In my constant struggle to find the best tools for remote work I met goReflect tool and it worked so well I will definitely keep it in my toolbox for some time.
The idea is very simple. goReflect offers an online board that people can add their ideas to. There are few predefined boards (e.g. start/continue/stop) but you can also create your own.
Let me tell you a short story on how we used it (presenting the goReflect features along the way).
Post-mortem / Retrospective
The team I work with has just finished some kind of a project for the first time in our history. I decided to use goReflect to collect our experiences and start a kind of retrospective (or post-mortem) about how it went.
First, I set a custom board with three headings, like this:
Then I sent the invitations (goReflect is free, but you need to create an account) urging my colleagues to add their ideas to each column.
Initially, I used the “mask cards” option, which makes every person see only his/her cards. I believe it makes people think on their own and not copy what others said. After everyone added their cards, I “unmasked cards” and asked everyone to go and up/down-vote and comment on cards.
You can see how it looks like on this (bogus!) example:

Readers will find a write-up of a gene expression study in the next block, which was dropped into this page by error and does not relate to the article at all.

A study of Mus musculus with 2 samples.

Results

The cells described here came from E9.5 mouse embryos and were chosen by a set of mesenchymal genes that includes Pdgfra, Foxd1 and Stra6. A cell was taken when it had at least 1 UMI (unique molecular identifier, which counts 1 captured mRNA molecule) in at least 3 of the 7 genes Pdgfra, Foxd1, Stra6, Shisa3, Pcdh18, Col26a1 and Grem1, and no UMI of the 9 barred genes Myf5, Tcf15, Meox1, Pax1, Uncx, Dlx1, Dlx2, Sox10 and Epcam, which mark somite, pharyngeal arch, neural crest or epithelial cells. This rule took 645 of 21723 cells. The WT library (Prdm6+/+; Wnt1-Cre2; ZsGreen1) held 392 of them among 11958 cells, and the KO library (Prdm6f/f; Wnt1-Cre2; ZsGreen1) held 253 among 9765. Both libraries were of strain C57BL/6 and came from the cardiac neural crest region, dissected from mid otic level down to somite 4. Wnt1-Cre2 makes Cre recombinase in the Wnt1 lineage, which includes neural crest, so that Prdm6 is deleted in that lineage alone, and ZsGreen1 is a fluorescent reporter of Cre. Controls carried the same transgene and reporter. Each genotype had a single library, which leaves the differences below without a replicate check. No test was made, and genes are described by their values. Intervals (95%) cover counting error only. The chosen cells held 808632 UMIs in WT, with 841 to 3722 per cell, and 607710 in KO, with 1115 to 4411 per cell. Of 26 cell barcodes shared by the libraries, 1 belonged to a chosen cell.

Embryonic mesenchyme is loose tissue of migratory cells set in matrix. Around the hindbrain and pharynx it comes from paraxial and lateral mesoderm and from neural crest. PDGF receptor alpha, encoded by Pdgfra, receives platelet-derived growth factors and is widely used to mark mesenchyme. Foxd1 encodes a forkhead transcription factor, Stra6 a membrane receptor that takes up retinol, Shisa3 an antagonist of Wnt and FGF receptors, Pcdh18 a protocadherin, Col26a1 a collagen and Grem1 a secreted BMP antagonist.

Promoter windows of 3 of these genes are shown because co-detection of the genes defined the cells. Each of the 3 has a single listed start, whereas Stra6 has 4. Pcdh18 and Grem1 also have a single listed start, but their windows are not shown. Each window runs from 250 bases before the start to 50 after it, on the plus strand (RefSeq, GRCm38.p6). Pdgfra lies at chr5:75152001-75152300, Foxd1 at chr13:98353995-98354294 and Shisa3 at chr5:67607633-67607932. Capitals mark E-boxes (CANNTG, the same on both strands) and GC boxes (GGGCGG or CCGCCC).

After we finished with comments and likes, we had some discussion about the result. It went well.
So, did it work?
Definitely yes! All went smooth and was worth our time.The tool just works, and I really liked the UI which I think looks really good. goReflect is very simple and the overall experience was even better than with retrotool. The masking of cards is a neat idea, and up/down votes and comments also help.
In short, it is a great tool to kick-start a discussion.
Truth to be told, the ambitions of goReflect go even further than one-time discussions. The tool promotes the “continuous retrospectives” idea. They suggest you create a retrospective board not per event but per team. The board is everlasting and team members can add cards whenever they feel like. After each retrospective the cards are achieved, but the board stays and people add cards that will be discussed during the next retro.
I haven’t used this approach (yet), but it sounds interesting to me. If I ever give it a try then I will surely share my experiences.